Ultraviolet and green light cause different types of damage in rat retina.Invest Ophthalmol Vis Sci 1995; 36(5):851-63IO
To assess the influence of wavelength on retinal light damage in rat with funduscopy and histology and to determine a detailed action spectrum.
Adult Long Evans rats were anesthetized, and small patches of retina were exposed to narrow-band irradiations in the range of 320 to 600 nm using a Xenon arc and Maxwellian view conditions. After 3 days, the retina was examined with funduscopy and prepared for light microscopy.
The dose that produced a change just visible in fundo was determined for each wavelength. This threshold dose for funduscopic damage increased monotonically from 0.35 J/cm2 at 320 nm to 1600 J/cm2 at 550 nm. At 600 nm, exposure of more than 3000 J/cm2 did not cause funduscopic damage. Morphologic changes in retinas exposed to threshold doses at wavelengths from 320 to 440 nm were similar and consisted of pyknosis of photoreceptors. Retinas exposed to threshold doses of 470 to 550 nm had different morphologic appearances. Retinal pigment epithelial cells were swollen, and their melanin had lost the characteristic apical distribution. Some pyknosis was found in photoreceptors.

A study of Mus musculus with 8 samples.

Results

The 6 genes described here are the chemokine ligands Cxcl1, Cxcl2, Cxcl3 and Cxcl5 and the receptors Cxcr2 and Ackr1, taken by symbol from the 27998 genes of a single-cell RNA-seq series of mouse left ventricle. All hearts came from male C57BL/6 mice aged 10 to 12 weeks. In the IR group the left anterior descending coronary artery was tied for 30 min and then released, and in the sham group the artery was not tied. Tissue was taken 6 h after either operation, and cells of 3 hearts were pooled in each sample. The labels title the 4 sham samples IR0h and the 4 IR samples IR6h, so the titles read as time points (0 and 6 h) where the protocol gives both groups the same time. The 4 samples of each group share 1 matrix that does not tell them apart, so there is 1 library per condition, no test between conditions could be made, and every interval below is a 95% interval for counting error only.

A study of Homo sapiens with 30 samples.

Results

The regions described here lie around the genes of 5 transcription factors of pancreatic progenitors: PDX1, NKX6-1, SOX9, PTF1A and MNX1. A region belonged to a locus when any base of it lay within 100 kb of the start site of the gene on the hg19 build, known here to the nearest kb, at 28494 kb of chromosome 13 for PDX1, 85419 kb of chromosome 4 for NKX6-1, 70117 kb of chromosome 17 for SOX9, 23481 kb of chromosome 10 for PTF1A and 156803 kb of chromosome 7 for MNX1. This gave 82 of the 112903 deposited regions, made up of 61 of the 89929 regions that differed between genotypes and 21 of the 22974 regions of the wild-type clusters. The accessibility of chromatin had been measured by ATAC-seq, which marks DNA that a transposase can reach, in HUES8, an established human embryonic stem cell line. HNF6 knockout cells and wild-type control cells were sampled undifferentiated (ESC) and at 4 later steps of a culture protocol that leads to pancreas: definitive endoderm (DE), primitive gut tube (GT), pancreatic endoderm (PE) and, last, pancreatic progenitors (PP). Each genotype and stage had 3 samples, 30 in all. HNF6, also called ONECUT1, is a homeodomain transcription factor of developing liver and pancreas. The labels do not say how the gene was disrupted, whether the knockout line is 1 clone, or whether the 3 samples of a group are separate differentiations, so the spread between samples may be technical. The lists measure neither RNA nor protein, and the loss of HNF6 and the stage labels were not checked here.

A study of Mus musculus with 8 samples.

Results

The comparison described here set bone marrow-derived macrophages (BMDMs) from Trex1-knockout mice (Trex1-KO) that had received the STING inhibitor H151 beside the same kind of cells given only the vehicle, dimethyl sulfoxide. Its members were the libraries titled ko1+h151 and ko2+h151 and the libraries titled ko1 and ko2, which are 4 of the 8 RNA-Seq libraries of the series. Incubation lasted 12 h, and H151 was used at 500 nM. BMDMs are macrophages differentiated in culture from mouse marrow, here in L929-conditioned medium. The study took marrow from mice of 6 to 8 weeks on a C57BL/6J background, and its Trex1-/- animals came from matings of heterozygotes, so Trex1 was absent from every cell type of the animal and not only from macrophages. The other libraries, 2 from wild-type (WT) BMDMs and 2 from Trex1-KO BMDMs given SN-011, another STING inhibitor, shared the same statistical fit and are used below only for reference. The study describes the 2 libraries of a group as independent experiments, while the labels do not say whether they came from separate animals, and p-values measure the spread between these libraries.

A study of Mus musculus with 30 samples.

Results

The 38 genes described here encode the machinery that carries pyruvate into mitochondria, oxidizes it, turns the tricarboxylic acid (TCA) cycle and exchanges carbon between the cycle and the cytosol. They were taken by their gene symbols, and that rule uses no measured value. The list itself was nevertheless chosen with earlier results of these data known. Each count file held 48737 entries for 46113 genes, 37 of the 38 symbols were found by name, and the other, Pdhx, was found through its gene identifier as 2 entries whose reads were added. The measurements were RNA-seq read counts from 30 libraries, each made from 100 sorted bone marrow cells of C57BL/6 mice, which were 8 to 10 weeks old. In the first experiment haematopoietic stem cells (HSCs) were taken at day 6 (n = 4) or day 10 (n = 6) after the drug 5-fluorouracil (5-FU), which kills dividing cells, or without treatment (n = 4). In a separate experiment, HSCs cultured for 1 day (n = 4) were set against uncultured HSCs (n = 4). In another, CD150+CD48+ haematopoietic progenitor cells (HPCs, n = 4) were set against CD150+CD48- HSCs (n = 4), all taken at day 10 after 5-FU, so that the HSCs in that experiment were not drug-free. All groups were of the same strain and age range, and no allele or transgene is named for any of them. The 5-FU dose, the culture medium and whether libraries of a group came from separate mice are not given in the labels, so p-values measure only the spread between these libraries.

Damage sensitivity in rat increases enormously from visible to ultraviolet wavelengths. Compelling evidence is presented that two morphologically distinct types of damage occur in the rat retina, depending on the wavelength. Because two types also have been described in monkey, a remarkable similarity seems to exist across species.